Kickstarter

If you’ve been around the gaming community in almost any capacity recently, you most likely have heard of Kickstarter. But if not, Kickstarter is currently the world’s largest crowd funding platform. Creative people start projects and try to entice the public to donate money to fund them and bring their ideas to fruition. The projects range from the absurd to the zany, economical (pay what you want) to the pricey, simple to the horrifyingly complex. In most cases, those that donate get some sort of payout for their time and trouble but many projects just want money and don’t claim to provide anything in return.

Within the last year or two, Kickstarter has really become a mainstream way for independent game designers (and even some game companies) to fund new designs, expansions, or “big box” sets. If you follow the forums on BGG, many in the community love Kickstarter for its ability to lubricate the flow of designs into the market bypassing the cumbersome and sometimes painful “pitch” phase when approaching a publishing company with a new design. Others in the community despise Kickstarter as an only avenue for simply pushing “ungroomed” designs onto the public, prolonging delivery times, increasing the risk of non-delivery, etc.

I’ve backed seven gaming projects since April 24, 2013:

  1. A Study in Emerald (£50)
  2. VivaJava: The Coffee Game: The Dice Game ($44)
  3. Fantasy Frontier ($60)
  4. Reaper Miniatures Bones II: The Return of Mr Bones! ($120)
  5. Coin Age: Pay What you Want Area Control Microgame ($3)
  6. Doublesix Dice: Roll Better ($10)
  7. Kingmakers: Board Game Parlor ($20)

As it stands, only A Study in Emerald has been delivered. VivaJava The Dice Game had a few problems with their hard-proofs but it looks like they’re into true production now. They’re shooting for March, 2014. Fantasy Frontier was funded in October, 2013 and they seem to be sailing into production estimating delivery in May, 2014. The Reaper Miniatures are a set of high-detail, molded sculpts that just look cool. Not sure what I’ll do with those yet but the estimate for those is not until November, 2014.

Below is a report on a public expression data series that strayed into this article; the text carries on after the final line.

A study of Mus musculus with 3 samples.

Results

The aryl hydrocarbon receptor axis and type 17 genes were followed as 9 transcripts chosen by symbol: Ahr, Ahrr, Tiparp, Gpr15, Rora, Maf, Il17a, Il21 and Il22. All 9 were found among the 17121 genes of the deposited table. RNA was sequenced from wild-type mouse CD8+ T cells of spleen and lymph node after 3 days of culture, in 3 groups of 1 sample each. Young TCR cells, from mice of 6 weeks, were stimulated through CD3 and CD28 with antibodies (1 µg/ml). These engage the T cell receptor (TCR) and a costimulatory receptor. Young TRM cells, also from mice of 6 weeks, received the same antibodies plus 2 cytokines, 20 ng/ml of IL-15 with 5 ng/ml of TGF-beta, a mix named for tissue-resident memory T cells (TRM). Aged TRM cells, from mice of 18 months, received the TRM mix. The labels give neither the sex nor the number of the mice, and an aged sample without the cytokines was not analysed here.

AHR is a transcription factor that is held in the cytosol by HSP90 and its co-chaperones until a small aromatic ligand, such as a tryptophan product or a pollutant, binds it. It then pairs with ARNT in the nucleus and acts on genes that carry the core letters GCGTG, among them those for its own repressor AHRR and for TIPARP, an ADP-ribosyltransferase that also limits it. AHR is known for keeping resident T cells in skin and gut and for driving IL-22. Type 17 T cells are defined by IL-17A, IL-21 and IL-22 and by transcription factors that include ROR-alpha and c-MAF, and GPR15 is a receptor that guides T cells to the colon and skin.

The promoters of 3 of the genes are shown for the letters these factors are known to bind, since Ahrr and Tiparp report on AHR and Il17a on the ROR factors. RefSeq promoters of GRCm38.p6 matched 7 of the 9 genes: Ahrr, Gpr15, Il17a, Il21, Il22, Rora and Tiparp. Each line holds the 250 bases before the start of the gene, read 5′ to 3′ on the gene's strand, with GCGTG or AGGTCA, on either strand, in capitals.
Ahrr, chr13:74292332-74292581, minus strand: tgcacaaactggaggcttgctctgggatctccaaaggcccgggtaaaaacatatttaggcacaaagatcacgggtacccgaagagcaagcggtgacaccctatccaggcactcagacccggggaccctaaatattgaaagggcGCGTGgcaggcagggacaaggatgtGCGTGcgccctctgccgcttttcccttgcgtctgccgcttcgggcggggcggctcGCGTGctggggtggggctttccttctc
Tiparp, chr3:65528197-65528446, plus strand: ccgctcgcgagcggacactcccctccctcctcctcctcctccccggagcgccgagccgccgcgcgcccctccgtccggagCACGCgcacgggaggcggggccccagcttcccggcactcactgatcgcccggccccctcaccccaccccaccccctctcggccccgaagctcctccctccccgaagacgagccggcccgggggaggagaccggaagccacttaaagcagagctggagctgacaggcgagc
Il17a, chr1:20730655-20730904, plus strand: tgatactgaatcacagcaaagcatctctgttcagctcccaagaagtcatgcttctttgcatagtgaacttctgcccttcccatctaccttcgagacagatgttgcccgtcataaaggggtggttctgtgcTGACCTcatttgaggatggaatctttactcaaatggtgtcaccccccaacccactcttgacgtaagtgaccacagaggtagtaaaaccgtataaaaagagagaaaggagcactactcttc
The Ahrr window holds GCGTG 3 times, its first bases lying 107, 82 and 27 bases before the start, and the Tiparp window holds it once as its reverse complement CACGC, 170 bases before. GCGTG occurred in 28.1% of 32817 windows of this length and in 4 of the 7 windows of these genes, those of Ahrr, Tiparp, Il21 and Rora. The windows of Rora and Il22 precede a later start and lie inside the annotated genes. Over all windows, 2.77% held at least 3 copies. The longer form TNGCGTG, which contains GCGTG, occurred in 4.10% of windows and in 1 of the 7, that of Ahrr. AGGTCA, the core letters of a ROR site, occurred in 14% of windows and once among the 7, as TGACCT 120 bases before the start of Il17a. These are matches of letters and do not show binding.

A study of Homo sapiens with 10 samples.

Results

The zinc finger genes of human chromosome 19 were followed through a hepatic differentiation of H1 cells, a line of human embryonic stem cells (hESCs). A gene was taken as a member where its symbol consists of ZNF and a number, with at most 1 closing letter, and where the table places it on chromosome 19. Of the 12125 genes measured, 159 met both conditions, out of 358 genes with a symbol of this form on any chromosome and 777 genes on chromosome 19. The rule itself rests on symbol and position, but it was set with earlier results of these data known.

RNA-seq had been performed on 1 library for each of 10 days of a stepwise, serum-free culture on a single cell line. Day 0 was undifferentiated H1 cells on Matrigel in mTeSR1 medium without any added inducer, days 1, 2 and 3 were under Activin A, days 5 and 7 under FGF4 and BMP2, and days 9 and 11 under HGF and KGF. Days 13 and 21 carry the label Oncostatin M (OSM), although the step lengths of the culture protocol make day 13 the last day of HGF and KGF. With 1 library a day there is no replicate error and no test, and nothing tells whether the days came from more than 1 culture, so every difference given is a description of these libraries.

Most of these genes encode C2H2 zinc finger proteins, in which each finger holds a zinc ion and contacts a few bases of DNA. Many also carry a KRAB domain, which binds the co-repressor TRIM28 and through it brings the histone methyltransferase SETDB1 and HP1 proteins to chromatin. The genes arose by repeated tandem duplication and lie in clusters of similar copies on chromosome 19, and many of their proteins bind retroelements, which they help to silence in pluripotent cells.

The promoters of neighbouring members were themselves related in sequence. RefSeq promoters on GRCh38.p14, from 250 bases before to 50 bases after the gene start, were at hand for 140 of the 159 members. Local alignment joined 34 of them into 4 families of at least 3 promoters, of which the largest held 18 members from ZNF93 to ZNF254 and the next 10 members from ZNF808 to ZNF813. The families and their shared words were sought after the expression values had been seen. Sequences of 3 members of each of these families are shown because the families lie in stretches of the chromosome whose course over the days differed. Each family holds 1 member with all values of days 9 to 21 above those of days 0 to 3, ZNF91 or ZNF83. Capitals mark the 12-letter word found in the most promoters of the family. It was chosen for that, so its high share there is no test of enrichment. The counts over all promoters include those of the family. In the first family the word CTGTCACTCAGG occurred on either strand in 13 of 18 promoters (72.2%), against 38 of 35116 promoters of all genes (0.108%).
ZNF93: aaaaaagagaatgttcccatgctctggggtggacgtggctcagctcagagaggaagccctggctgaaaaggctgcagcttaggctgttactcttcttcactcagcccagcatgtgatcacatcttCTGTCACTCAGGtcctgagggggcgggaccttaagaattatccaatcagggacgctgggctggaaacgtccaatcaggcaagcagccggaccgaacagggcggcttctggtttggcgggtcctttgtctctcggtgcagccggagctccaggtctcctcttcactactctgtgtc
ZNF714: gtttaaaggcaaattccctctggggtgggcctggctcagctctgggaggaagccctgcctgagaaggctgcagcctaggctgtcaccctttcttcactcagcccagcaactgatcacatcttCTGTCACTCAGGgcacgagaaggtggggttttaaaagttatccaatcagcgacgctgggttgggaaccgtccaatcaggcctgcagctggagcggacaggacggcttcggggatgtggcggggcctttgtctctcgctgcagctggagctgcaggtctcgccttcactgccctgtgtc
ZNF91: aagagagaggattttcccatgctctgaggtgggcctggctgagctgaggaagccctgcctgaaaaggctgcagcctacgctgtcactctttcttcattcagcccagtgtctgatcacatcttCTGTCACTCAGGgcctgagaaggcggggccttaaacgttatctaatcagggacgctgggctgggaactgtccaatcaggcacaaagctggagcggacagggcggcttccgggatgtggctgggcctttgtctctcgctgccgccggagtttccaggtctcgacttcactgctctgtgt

Coin Age, appears to also be on track for an April delivery and Doublesix Dice is a bunch of various colored double-D6s. Basically a D12 with pips for a D6 duplicated. For $10 I chose a pledge level where they roll some of their dice and the result determine how many dice you get. With stretch goals I ended up with a slightly less than average roll but I’ll be getting 19 dice. Not bad for $10.

Kingmakers is a bit different. This Kickstarter project was simply a “plea for money” to create a “board game parlor” in the Short North section of Columbus. Boardgaming is a such a big part of my life, I figured I should back a project that tries to get the word out to others in novel ways. There’s no “product” in return for my pledge other than I supposedly get my name written in “fancy” chalk on one of their pillars for some period of time.

All in all, I I’m satisfied with my experience with Kickstarter but I do feel some fatigue. I’ve not been involved in them but some projects have imploded after they’ve been funded and all the pledged money was lost. It is an unfortunate risk that you take when you back a KS project leaving a bad taste in everyone’s mouth.

In most cases, Kickstarter projects offer stretch goals. If, for example, a project is asking for $30,000 to be funded, they may offer that they’ll throw in better bits at $35,000, and an expansion at $40,000. etc. The more money they raise, the better product everybody gets (depending on the tier to which you pledged). When you pledge you’re not really sure what you’ll end up with but you can pledge the minimum and if it takes off, you might end up with all of the stretch goals too for the same pledge amount. Taking it a bit further, some project are only offering these stretch goals *if* you backed the project on Kickstarter. If they move the project to regular mass production (keep in mind that “mass” is still a board game niche market here so still small quantities relatively speaking) buyers that obtain a copy later won’t have these stretch goals.

This discrepancy between Kickstarter versions and retail versions has complicated the process of trading and buying used games in that everyone must be aware of the version they’re trading or purchasing. Not all versions of Euphoria, for example, are the same. The “Deluxe” Kickstarter version is different from the “Supreme” Kickstarter version which is different from the retail version and they all were released in the same year!

I’m a proponent of Kickstarter but I’m tending to agree with the comments I’ve seen about fatigue. It’s hard work keeping up with the latest Kickstarter campaigns, what stretch goals are available, tracking versions, etc. all while still keeping up with the latest buzz for non-Kickstarted games. But, it is a hobby and somewhat a labor of love so to speak.

What are your feelings about Kickstarted games? Have you been happy with the results?